Evocative, luminous and gorgeous, according to Vogue, Le Monde and Nylon. And that’s before we get to the three pages of rave reviews which open your book. Plus you’ve received an English PEN Award for writing in translation. Not to mention that your novel is being translated into various languages so that everyone across the globe can read it. And this is your DEBUT novel? Laia Jufresa, you’re what they call a ‘prodigious talent’. Let’s find out more about the writer behind Umami – our March book, and one which touched so many of you…

Where do you get inspiration from?

My family, the languages I`ve learnt and left behind, the things I see and feel and read. But mostly from the writing itself. Writing is like dancing. Once you start, a move leads to the next.

Have you always wanted to be a writer?

For a very long time I loved writing but dreaded the “being a writer” thing. But I eventually came to terms with the professionalisation because I have tried many things in my life and nothing makes me as happy as writing does.

It feels like you have a really strong connection with Mexico City…

I don’t. Or if I do it’s the connection of misunderstanding. I was born in Mexico City but have lived there only about a third of my life. I get lost every time I visit. Umami happens in the Mexico City I do know and love: not the one with hostile streets, but the one inside people’s homes.

How do you come up with your characters – and their unique voices?

Through the writing, which – when it’s going well – is more like listening than like talking. It’s a bit like a radio. The voice is there, I just need to find the right frequency so I can catch it clearly. It’s about getting very quiet and humble, letting go of control and opening up to minds that inhabit us yet are not quite our own. Or at least it’s like that in the first moment of writing. Then of course one lets go of mystery and has to work hard to clean it all up. That’s the beauty of writing, it’s balanced: there’s play and rigour feeding each other constantly.

Tell us about your favourite books?

I love books that use language as a magic, malleable sword. Books that tell good stories but never forget that good wordplay – not only plot – is the essence of good stories. Books that transport me. Books I need to close every few pages because they make me want to write. I also love books where I learn things without noticing, and books that allow and encourage me to feel, to think and to play.

How did you feel about the translation of the novel?

It was a lovely and interesting process, I worked very closely with Sophie Hughes, the translator. She is British and my English is very American, so we had long chats about simple things such as “Should we say Mum or Mom? Rucksack or backpack? Bathroom or loo?” And I rewrote some passages and came up with new ones. Umami in English contains things that don’t exist in any other version, and I love that uniqueness of it.

Which writers inspire you?

Jo Ann Beard, Daniel Pennac, Fabio Morabito, Marie Ndiaye and Samanta Schweblin.

What would you say to anyone thinking of writing their first book?

Write, write, write! Maybe join NaNoWriMo next November. Don’t worry about the social media aspect, even less about the publishing. Worry about falling in love with your story. Keep it secret. Have an affair with it. It’s your adventure and no one but you can live it. Take care of it as you would a baby inside your womb. Above all, have fun. Once you’re done with a first draft though, become ruthless. Read it out loud and accept criticism. Most things can be cut out. That’s a hard and vital lesson.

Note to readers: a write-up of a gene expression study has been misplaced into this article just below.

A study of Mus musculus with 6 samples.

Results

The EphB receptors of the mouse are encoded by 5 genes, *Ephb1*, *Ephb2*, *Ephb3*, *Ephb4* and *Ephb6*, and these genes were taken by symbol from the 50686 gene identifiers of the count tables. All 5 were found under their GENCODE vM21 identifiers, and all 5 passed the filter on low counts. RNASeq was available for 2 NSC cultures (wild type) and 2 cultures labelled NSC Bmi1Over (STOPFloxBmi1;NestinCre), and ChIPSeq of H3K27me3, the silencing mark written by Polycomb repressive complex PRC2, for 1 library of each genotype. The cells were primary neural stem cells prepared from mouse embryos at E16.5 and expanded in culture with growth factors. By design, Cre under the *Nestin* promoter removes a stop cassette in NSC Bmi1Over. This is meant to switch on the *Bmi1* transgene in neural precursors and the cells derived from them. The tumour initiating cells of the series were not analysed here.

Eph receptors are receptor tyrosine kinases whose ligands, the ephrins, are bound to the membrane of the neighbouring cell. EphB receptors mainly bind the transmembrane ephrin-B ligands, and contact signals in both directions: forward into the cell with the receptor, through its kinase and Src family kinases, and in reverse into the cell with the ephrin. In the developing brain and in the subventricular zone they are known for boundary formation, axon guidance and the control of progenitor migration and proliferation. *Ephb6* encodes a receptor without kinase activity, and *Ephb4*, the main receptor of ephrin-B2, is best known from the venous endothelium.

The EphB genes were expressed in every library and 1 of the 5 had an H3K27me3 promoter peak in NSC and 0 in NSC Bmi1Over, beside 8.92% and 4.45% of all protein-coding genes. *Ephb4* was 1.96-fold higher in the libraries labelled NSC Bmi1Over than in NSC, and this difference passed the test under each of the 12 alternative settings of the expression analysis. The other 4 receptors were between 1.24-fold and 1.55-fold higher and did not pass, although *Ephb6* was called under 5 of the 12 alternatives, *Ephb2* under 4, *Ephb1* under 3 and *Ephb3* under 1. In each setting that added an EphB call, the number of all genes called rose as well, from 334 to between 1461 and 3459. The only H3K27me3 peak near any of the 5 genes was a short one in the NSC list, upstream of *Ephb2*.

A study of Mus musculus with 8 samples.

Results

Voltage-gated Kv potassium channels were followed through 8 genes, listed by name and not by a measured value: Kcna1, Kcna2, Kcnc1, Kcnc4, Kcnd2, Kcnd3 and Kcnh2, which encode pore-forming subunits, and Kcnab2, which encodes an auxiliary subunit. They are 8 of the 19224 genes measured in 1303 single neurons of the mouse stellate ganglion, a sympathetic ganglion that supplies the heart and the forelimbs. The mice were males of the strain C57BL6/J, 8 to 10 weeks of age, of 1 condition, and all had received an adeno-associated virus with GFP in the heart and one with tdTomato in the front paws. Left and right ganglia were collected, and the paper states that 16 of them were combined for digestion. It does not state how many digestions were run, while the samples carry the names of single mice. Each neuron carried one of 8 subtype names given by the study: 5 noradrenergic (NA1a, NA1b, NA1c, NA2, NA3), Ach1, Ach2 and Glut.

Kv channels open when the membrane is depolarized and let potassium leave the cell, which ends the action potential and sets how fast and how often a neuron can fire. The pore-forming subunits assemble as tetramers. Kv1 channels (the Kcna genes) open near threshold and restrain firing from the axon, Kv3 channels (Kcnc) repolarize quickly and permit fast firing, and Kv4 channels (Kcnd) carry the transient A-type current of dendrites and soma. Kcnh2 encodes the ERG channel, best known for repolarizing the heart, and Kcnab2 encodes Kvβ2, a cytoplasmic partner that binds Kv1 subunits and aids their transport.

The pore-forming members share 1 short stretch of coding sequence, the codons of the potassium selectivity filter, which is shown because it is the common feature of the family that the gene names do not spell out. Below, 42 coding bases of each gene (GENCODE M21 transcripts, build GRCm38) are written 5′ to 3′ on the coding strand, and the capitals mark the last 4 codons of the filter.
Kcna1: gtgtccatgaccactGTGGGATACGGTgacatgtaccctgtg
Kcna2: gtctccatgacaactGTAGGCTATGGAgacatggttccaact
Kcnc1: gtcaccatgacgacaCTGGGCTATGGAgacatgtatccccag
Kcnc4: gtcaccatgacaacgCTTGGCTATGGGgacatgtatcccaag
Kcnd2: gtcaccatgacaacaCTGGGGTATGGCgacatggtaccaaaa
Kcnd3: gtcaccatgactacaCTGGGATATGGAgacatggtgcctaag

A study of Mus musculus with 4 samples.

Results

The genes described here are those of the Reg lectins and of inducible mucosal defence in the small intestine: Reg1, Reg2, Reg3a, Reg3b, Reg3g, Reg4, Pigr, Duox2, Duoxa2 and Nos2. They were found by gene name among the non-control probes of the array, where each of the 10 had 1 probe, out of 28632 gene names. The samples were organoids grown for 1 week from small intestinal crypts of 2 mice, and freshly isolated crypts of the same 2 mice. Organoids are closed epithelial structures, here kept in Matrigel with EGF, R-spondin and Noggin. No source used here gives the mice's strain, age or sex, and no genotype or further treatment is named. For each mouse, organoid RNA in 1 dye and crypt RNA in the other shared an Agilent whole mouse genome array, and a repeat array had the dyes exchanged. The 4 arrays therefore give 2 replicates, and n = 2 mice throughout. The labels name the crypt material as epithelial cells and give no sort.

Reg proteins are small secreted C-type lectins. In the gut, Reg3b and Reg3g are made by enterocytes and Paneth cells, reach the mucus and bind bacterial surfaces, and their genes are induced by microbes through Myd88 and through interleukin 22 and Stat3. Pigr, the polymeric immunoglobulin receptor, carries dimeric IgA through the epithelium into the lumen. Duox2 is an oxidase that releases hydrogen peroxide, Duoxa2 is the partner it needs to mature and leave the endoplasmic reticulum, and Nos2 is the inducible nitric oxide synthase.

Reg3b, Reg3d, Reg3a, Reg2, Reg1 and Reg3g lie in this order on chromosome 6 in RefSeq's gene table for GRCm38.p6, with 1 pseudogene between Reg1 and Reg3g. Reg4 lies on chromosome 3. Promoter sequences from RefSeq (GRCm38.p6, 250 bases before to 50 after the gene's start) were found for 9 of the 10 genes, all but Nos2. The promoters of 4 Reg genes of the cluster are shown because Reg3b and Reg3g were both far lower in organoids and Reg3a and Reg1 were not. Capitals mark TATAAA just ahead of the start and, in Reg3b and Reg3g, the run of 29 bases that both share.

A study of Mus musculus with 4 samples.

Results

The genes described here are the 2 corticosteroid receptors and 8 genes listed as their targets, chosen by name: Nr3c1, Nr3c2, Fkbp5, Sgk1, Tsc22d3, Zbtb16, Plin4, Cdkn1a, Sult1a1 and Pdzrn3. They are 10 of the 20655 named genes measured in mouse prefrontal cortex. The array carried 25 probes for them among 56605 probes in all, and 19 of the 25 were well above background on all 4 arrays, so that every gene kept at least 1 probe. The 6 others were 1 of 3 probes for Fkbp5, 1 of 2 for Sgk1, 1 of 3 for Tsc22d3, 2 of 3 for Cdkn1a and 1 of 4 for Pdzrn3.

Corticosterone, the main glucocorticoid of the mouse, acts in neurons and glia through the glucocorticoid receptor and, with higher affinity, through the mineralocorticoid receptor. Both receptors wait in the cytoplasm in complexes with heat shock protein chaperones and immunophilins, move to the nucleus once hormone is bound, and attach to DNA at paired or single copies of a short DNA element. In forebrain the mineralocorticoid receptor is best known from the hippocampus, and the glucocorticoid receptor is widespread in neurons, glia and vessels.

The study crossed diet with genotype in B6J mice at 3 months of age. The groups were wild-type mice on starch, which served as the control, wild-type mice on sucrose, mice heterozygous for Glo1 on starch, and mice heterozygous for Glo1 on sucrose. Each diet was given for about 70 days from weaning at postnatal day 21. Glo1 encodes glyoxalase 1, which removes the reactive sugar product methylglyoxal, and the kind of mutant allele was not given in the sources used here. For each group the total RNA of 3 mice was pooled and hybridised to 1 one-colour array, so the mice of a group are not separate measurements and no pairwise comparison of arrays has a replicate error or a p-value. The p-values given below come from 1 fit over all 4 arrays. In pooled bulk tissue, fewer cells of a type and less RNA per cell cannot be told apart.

If you’re more interested in the idea of having published than in the act of writing, I’d suggest you let it go. Because it’s not about being done or getting it out there, it’s about respecting your reader (even if it’s an imaginary one) and honing your craft. You wouldn’t expect to dance your very first choreography in a theatre or have an orchestra play your first composition. Books are just as hard an art to master. But if you let go of the idea of being a writer, and fall in love with the practice of writing, you will have a secret place where you can always, always, go to. All you need is pen and paper. In that place you can be yourself in a way we`re only ever allowed while playing at being someone else entirely. And it is the very best place I know.

Were for surprised by the critical reception to your novel?

It’s been a happy rollercoaster. And you can’t control or even guess where it will go. Umami has been widely read far from my home, mostly in European languages, yet a bit ignored in Spanish, go figure. It will soon be read in Asia as well, and that is something I wouldn’t even have dreamt about. At the same time, it’s no longer mine. It lives its own life, finding translators, publishers and readers to keep it alive. It’s a beautiful thing to watch, that slow but sure chain of solidarity, of contagious enthusiasm, something one could think extinct in these times or short lived, click-and-forget enjoyments.

Is there another book on the way?

Yes! I’m writing my second novel. And it is two novels in one. It’s a simple yet rich labyrinth and I have no idea when or how I will come out of it, but I hope I will, and I’ll be holding the thread for readers to go back down there and enjoy it as much as I’m enjoying writing it.

Published by Oneworld, Laia Jufresa’s Umami is available to buy online here.